Nationally, home prices are falling, unemployment is on the rise and the economy is expected to grow slowly — or even contract — in the first half of the year.
But some cities are doing just fine.
Take Oklahoma City, Okla. With falling unemployment, one of the country's strongest housing markets, and solid growth in agriculture, energy and manufacturing, it looks best positioned among the nation's largest metropolitan areas to ride out the current crisis.
San Antonio is right behind. It also features solid employment figures and affordable home prices that continue to rise. Its industries are growing; it can't hurt that the new AT&T was formed when San Antonio-based SBC Communications swallowed the old AT&T Corp. and BellSouth.
The others holding steady or improving include Austin, Texas; Houston; Charlotte, N.C.; Dallas; San Jose, Calif.; Raleigh, N.C.; Salt Lake City; and Seattle.
Behind the numbers
To find them, Forbes.com examined the country's 50 largest metros and looked at several key measures.
We examined unemployment data supplied by the U.S. Bureau of Labor Statistics for the year ending in February 2008 to see which areas are most adding or subtracting jobs. Next, we looked at the BLS data on job growth in non-farm payrolls, through February 2008, for construction, education and health services, financial activities, information, leisure and hospitality, manufacturing, natural resources and mining, professional and business services, trade, transportation and utilities, and the BLS's catch-all category, "other services."
We also took into account median home price data from the National Association of Realtors — from the fourth quarter of 2006 to the fourth quarter of 2007 — to see which areas posted the largest annual gains. Our data don't account for the impact of declining sales in the first several months of this year.
Finally, our rankings were adjusted using data from a November 2007 report, "U.S. Metro Economies: The Mortgage Crisis," by the U.S. Conference of Mayors. It lists each city's estimated gross metropolitan product growth by projecting how rising foreclosures and falling home prices would affect overall levels of productivity in local economies.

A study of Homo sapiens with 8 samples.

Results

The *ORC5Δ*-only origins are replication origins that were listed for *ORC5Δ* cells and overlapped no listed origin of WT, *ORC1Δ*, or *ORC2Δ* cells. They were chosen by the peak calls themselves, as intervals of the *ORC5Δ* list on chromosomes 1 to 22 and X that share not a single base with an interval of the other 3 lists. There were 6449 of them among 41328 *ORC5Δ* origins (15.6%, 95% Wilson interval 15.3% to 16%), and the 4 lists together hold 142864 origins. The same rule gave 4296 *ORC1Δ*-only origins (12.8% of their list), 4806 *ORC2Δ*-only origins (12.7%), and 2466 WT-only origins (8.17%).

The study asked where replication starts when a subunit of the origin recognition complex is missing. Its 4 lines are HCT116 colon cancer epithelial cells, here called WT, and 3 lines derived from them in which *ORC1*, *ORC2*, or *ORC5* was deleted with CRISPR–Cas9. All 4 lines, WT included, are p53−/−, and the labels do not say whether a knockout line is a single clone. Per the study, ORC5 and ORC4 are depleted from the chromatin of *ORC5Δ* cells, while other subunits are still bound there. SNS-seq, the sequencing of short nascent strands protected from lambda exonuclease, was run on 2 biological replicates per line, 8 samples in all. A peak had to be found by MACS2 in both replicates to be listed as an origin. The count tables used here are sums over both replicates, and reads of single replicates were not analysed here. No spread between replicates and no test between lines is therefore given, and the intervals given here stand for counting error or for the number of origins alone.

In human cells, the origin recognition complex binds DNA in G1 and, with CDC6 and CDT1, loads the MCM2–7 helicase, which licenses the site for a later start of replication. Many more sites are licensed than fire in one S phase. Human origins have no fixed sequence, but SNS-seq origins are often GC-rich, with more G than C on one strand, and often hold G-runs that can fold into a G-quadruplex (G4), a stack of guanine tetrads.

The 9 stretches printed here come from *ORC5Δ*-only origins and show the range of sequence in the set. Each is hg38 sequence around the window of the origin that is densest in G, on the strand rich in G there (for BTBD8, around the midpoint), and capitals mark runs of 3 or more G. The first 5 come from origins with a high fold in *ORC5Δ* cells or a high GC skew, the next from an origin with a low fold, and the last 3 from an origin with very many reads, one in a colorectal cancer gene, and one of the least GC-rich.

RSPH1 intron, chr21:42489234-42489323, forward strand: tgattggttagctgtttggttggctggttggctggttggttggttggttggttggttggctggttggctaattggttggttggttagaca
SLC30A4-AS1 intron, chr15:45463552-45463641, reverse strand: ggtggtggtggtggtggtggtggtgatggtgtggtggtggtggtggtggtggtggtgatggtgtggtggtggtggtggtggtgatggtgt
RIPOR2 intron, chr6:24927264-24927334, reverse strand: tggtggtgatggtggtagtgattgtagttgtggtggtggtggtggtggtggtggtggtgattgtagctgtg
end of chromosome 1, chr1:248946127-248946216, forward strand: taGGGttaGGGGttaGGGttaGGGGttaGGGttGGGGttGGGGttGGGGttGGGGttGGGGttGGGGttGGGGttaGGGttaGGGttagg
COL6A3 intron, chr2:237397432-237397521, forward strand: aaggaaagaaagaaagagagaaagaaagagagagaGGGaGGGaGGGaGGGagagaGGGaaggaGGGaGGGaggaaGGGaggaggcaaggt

Sunny southern skies
Texas cities fared best under these measures. San Antonio, Austin, Houston and Dallas-Fort Worth have benefited from historically lower home prices, which have been affordable to a large segment of the population. The availability of land — and, in some cases, little zoning — helped keep prices in these cities low. Instead of competing for homes, Texans could move to a new subdivision a little farther out.
What's more, all four boast falling unemployment rates, with Austin dropping from 3.8 percent to 3.6 percent and San Antonio from 4.3 percent to 4 percent
Cities that are expected to see growth in non-farm payrolls include Raleigh, which is expected to see 7.4 percent growth in professional and business services and 6 percent growth in education and health. In Salt Lake City, where the median home price rose 2.5 percent and unemployment, at 3.1 percent, is below the 5.1 percent national average, growth in education and health services is expected to be 5.5 percent.
Some cities have seen increasing home prices but otherwise continue to struggle. Buffalo and Rochester, N.Y., have seen home price growth (from a low base) but still contend with high unemployment — around 6 percent — and slow-growing or shrinking industries.
And in the San Jose area, the median home sale price is over $830,000. That's 11 percent higher than it was in the fourth quarter of 2006, helping to land the area at No. 4 on our list. Problem is, that growth has since cooled, and it remains to be seen whether pricey homes coupled with a 5.3 percent unemployment rate will cause trouble for homeowners this year.
To be sure, even in the most resilient cities, the mortgage crisis has caused suffering. People everywhere got into bad mortgages. Similarly, even in the most battered cities, the majority of people are employed and making their mortgage payments. The extent of recession or resilience is very much in the eye of the beholder, and this list represents only one of many ways to take a snapshot of economies that are standing tall.
In his statements to Congress' Joint Economic Committee in April, Federal Reserve Chairman Ben Bernanke predicted the economy would possibly move into recession in the first half of 2008 but begin to rebound in the second half.
If you're tired of waiting, these might be the best places to go.